Our people news
04 May 2022
The recent devastating flooding across the Northern parts of NSW brought memories rushing back for Essential Energy powerline workers Will Grey and Dean Hancock.
On Tuesday 21 April in 2015, they were working throughout the night trying to make the network safe, dealing with broken power poles, fallen powerlines and trees crashing into lines. Thousands of residents had lost power from the cyclonic winds caused by a destructive East Coast Low.
What would later be determined to be a one-in-500 year event, the Mill Creek near the Stroud Showground flooded to record levels, with floodwaters reported to rise 30 cm in a few seconds*. That night, the Stroud Showground was housing a number of people camping, including an elderly couple.
Will and Dean, who work together at the Stroud depot, were working in the extreme weather conditions patrolling for fallen powerlines and other damage. In the pre-dawn, they used all their skills and training to secure a man trapped on the roof of his car, the men then waded through waist deep water to place a ladder on the roof of the car and allow the man to climb to safety.
As dawn was breaking, they found themselves working with local emergency services and residents to rescue an elderly couple who had been swept away from their caravan. Locating a boat, Dean led the rescue team to the distressed couple. While Dean battled to keep the boat secure in the raging water, Will and other rescuers managed to reach the couple and Will kept the woman’s head above waters while they got her aboard. Once she was taken for medical treatment, Will and Dean then rescued the woman’s husband, bringing him to safety.
Will Grey, Live Line Powerline Worker of 31 years’ experience said, “We certainly didn't expect to be caught up in that situation when we went to work that night. I guess when someone is in trouble adrenaline kicks in, and you do whatever you can to help. It's amazing to think back and reflect on how we played a part in saving lives.”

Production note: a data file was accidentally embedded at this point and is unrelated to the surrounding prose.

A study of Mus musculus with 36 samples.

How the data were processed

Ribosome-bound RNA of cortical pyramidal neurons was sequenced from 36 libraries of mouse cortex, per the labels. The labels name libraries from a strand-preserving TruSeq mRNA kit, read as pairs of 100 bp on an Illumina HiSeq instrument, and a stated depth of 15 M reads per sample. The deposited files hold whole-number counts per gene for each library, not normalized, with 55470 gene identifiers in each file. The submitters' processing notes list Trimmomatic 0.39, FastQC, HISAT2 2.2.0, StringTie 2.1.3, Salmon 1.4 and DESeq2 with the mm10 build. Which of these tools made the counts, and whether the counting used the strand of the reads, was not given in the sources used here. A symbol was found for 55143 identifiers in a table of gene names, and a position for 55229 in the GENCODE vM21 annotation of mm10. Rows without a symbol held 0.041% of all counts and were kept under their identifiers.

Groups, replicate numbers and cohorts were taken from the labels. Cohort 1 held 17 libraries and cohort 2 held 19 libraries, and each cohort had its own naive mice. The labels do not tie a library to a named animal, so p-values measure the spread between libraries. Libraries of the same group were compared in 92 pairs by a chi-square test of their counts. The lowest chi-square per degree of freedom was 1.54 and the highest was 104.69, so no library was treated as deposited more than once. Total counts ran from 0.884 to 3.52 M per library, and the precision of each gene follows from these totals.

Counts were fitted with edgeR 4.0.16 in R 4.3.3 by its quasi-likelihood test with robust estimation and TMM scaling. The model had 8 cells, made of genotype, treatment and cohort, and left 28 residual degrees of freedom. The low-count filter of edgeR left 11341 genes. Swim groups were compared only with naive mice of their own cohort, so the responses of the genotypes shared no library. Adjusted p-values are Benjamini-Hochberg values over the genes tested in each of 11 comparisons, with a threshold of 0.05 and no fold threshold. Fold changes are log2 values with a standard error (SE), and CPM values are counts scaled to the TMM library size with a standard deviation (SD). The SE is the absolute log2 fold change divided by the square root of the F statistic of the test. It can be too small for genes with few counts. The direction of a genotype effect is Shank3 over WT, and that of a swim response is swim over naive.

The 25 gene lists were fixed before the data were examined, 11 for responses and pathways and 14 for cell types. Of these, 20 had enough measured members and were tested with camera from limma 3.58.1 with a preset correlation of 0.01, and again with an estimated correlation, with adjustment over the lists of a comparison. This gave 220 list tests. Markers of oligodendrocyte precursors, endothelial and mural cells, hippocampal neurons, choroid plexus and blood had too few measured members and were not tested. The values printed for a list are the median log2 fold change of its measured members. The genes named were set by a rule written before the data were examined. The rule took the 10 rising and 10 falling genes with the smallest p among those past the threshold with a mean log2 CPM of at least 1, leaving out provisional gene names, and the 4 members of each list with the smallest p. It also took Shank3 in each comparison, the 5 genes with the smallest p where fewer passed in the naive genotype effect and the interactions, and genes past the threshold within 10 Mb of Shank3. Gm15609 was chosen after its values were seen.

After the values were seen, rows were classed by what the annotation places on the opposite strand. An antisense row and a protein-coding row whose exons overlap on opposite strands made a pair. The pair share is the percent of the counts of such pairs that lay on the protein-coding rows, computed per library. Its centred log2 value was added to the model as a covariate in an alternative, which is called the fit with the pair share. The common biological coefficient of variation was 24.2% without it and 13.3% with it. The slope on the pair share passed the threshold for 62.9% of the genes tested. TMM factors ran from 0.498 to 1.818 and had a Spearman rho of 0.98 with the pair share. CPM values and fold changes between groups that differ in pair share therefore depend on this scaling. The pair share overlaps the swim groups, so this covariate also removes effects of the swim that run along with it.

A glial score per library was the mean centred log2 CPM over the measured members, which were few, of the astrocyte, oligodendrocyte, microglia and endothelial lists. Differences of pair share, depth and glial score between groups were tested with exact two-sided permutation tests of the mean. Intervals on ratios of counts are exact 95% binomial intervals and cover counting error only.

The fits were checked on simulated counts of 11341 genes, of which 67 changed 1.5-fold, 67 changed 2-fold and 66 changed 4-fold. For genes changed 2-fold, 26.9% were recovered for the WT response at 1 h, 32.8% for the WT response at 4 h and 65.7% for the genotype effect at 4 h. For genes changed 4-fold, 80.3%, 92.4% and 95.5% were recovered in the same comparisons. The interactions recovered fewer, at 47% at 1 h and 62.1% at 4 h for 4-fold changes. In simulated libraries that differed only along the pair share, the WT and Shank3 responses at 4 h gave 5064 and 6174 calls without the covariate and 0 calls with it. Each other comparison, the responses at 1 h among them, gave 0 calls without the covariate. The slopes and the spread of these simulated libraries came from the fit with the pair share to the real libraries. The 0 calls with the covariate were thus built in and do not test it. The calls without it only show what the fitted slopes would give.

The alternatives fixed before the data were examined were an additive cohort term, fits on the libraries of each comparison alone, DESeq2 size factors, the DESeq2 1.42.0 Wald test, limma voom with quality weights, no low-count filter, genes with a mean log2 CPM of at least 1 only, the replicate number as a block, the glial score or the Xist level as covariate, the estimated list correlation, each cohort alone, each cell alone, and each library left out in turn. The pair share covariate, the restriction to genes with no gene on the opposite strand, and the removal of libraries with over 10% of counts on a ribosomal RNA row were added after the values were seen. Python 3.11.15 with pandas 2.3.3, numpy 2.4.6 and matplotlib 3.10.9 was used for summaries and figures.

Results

Dean, who’s a Dual Qualified powerline worker and has worked with Essential Energy for seventeen years, revealed that after the dramatic events of that night, they didn’t get to reflect on the scale of what they’d done for another week - the scale of the network damage meant they were kept busy restoring power to residents in Stroud and surrounding areas.
When they finally did get to catch up with the other three rescuers and relived what had happened and what could have happened, the common theme was how cold the water was. Dean said, “The one thing that we all brought up at some stage in our catch-up was how ice cold the water was that morning, it was as close to freezing as you could get.”
This February, Dean, Will and the other rescuers received Australia’s third highest bravery award, the Bravery Medal, from the Governor of NSW after being nominated for the award by their local MP.
Speaking of the special day, Dean said, “The award ceremony last month was definitely something myself and my family will never forget. It was an amazing experience, and I was honoured to receive the award and share the experience with family and friends.”
Will continued, “You don't think about awards when faced with those challenges, but it was an honour to be recognised and as Dean said, it was a great ceremony and a good chance to catch up with the other rescuers.”
Congratulations to both Will, Dean and all the recipients of the Bravery Medals this year.
Will Grey and Dean Hancock proudly wear their Bravery Medals in the grounds of Government House after the ceremony in February 2022.
*Source: Yeo, Stephen & Crompton, Ryan. (2015). Camping Grounds and Flood Risk – Reflecting on the Stroud, NSW, Flood of 21 April 2015. Risk Frontiers Briefing Note. 291.